Law Change To Help Mentally Ill

The system that will replace incapacity benefits should be more considerate to people with mental illnesses, Work and Pensions Secretary John Hutton says. His Welfare Reform Bill, published later this week, replaces benefits with an employment support allowance. But disability rights’ groups fear a taskforce will not have enough time to deliver a new test for the allowance. The proportion of people claiming such benefits due to mental illness has risen from 16% in 1988 to almost 40%.

Around 2.7 million people currently claim incapacity benefits. But the government is trying to get a million disabled people off benefits and into jobs, saying it will save £7bn a year. Under the plans more severely disabled people would receive a higher rate of benefit and have no obligation to look for work. But it would be compulsory for claimants assessed as able to work to take part in schemes designed to help them back into jobs, including counselling, training and advice.

Those who refused to take part in back-to-work schemes would risk losing part of their benefits.

BBC social policy correspondent Kim Catcheside says that the current system for assessing entitlement is failing people with mental illness – who are much more likely than people with other disabilities to be wrongly denied benefits.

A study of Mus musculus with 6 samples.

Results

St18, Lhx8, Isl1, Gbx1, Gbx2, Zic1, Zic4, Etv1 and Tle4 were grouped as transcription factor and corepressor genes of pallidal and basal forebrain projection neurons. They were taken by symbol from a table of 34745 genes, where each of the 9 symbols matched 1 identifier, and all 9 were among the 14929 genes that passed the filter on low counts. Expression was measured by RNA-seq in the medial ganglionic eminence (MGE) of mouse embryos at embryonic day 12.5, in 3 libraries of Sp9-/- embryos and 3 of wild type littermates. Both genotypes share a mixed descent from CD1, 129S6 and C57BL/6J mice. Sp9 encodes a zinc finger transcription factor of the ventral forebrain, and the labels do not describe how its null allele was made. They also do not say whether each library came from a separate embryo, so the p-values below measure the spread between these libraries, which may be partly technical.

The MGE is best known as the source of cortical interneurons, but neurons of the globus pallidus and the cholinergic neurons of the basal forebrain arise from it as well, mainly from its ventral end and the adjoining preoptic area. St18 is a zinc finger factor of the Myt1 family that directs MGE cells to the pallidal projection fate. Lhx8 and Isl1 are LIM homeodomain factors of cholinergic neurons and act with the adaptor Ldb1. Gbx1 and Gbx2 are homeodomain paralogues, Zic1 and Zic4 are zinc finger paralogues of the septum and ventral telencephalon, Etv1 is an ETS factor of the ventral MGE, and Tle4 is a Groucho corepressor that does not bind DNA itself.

Mental health charities fear that the new employment support allowance will put mentally-ill people at an even greater disadvantage – because there will be financial penalties for people who refuse to take part in activities to get them back to work.

Mr Hutton has asked a taskforce, which includes charities, to work over the summer to come up with a new test that will be better at recognising people with conditions like depression. But disability rights’ organisations are concerned the Bill will be given its first reading before these crucial decisions have been made.

They also want the government to do more to challenge prejudice about mental illness among employers. The Commons work and pensions select committee warned in May that it was concerned the shake-up of benefits payments could create a two-tier system.

However, the Department for Work and Pensions responded that the reform was vital. A DWP spokeswoman said: “It is vital that we continue to build on our reforms and ensure we have a welfare state fit for the 21st Century.” She said the Welfare Reform Bill would be “key” to achieving that.